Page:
Tuesday 9 January 2018

The year begins, the first hill

The first hill walk of the year always seems special. The turning of the year marked by the as yet imperceptible lengthening of the hours of daylight, the thoughts of the seasons to come, the plans for walks and camps, the feeling that there is a whole year ahead to begin again, to be optimistic and hopeful. And it all starts with that first hill.

Deep snow in the Cairngorms and a companion inexperienced in such conditions meant that this year I wouldn’t venture far. Relatively safe terrain, plenty of escape routes, and a short distance seemed wise. As it was the conditions meant that I probably wouldn’t have done much more if by myself.

A forecast for a fine day and it being Sunday popular areas would be busy. Whilst Coire Cas and Cairn Gorm were likely crowded the north ridge of the hill is usually quiet so we headed that way. A dearth of cars in the Coire na Ciste car park suggested few people and indeed we met no-one other than a couple right at the start. There were distant groups on the slopes far to the south but on our climb up the east spur of Coire Laogh Mor we didn’t see any tracks other than those of mountain hares, grouse, snow bunting and fox. 

The unconsolidated snow meant we donned snowshoes almost immediately. Even with these on our feet progress was slow and arduous at first as the snow lying deep on the heather collapsed at every step. As the heather thinned, the snow became firmer and the ascent easier.

A bright sun at the start soon faded behind gauzy clouds. The temperature was well below freezing but there was no wind and the ascent kept us warm. Crossing little half-frozen streams we admired bulbous icicles dripping from yellow grasses.

On the climb the best views were behind us – always a good excuse for a quick rest – with Meall a’Bhuachaille shining white above Glenmore Forest and the dark woods stretching out to the pale line of the Monadh Liath. Ahead there was just snow and rock and sky and a curving horizon that never seemed to grow closer.

Eventually the slope eased and views to the south and east opened up. The great wedge of Bynack More appeared above the great gash of Strath Nethy. The sun was very low in the sky now (not that it’s ever very high in midwinter) and sunset colours were starting to appear. On the north side of Bynack More a band of deep pink stretched out, on the south side the sky was paler and yellow. With the mountain blocking the gradual merging of these two colours it seemed as though there was a different sky either side of it.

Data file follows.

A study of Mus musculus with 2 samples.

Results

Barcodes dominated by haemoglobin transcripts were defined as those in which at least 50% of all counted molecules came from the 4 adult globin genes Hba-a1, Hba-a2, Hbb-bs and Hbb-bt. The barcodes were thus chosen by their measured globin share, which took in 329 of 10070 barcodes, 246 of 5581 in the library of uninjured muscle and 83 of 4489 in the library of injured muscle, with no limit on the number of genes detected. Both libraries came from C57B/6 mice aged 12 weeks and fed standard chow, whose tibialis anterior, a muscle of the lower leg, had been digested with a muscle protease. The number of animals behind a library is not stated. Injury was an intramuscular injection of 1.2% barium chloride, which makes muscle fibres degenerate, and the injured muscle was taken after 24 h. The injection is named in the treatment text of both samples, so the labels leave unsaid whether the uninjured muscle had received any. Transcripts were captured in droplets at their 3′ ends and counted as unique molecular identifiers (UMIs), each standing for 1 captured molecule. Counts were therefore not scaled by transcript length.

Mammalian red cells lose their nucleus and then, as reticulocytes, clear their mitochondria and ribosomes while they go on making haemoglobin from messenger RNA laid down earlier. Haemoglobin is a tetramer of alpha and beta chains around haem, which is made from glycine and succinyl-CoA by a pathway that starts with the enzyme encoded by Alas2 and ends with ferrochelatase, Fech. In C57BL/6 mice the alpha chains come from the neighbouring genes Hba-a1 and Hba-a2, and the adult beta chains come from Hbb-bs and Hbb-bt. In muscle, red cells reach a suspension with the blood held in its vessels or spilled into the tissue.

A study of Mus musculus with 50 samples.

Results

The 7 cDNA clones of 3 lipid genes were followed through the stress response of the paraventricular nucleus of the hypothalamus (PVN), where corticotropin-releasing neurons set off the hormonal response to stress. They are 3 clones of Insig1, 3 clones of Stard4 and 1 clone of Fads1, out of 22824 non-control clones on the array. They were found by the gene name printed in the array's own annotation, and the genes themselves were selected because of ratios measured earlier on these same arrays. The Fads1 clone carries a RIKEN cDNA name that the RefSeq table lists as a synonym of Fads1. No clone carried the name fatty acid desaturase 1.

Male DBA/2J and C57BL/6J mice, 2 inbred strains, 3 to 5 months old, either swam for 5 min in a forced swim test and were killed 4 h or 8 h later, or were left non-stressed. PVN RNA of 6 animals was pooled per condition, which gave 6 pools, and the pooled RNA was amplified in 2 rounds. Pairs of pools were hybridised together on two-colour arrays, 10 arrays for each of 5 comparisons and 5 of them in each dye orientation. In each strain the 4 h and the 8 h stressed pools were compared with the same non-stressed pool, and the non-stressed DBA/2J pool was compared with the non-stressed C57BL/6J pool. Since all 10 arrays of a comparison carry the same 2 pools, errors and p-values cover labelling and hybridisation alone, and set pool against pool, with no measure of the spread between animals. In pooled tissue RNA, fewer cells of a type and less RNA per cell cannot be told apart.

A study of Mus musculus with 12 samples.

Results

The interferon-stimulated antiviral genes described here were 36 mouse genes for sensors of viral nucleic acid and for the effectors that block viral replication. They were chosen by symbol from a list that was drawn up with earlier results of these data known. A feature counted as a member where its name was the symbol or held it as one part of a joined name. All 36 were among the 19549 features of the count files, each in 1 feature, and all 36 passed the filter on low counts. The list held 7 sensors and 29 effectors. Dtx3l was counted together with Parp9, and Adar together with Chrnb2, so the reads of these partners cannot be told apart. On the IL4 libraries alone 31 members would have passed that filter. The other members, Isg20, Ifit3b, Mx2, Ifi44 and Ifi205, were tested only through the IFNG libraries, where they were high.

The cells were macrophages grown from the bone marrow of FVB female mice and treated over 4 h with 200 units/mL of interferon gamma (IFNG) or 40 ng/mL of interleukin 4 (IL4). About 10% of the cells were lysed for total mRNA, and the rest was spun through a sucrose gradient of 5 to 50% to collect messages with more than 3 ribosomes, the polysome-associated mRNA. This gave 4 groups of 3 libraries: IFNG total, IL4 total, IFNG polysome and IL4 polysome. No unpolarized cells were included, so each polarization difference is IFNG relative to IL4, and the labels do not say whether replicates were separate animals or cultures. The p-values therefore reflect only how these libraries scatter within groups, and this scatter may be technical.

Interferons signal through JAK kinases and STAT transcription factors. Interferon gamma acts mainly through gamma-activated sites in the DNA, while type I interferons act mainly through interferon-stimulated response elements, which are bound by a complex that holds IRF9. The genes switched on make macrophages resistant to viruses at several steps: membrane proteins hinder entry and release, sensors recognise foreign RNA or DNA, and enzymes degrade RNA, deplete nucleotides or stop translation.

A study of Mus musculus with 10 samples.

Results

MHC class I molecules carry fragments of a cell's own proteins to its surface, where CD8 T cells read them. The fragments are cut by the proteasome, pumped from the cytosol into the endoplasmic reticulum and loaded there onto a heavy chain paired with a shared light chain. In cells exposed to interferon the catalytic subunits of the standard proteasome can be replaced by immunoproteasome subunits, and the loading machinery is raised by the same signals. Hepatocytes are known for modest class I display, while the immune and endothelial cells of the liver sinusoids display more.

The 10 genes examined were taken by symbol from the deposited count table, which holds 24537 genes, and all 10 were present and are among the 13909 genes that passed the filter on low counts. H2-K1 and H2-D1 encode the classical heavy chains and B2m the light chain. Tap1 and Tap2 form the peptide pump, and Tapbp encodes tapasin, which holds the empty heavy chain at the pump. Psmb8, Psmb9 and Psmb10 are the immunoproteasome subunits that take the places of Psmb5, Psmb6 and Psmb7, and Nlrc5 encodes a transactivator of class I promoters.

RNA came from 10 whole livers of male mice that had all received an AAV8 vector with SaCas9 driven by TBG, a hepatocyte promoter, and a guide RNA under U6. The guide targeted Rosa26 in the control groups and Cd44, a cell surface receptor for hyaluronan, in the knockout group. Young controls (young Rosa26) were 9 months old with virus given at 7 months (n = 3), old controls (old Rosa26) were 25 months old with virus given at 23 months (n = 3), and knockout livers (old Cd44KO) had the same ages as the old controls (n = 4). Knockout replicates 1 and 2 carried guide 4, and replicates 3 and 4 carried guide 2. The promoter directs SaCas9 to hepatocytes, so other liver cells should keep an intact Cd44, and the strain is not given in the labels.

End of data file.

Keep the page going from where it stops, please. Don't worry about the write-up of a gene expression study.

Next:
This view demanded to be watched so we took a break on the wide open ridge and sat and stood and stared for a while. Then we continued the short distance to Cnap Coire na Spreidhe, this subsidiary top of Cairn Gorm the first summit of the year and the only one of the day. Here a cold wind swept over the snow so we didn’t linger but soon started back down, heading for the west spur of Coire Laogh Mor. 

The sun set below the western skyline, the last rays colouring the clouds. The first stars appeared. The snow though was bright enough that we didn’t need headlamps until the last few hundred metres down a steep icy path.

The first hill of the day wasn’t a major summit, just an almost unnoticeable top few people bother to climb, and we hadn’t ventured far. The walk was only five miles long, though in the deep snow and with almost 600 metres of ascent this took us five and half hours. However the deep winter cold and the snowy landscape had a feeling of remoteness and mountain magnificence that belied the distance. And the first hill was still special and the day a fine one. After the walk I felt 2018 had really begun.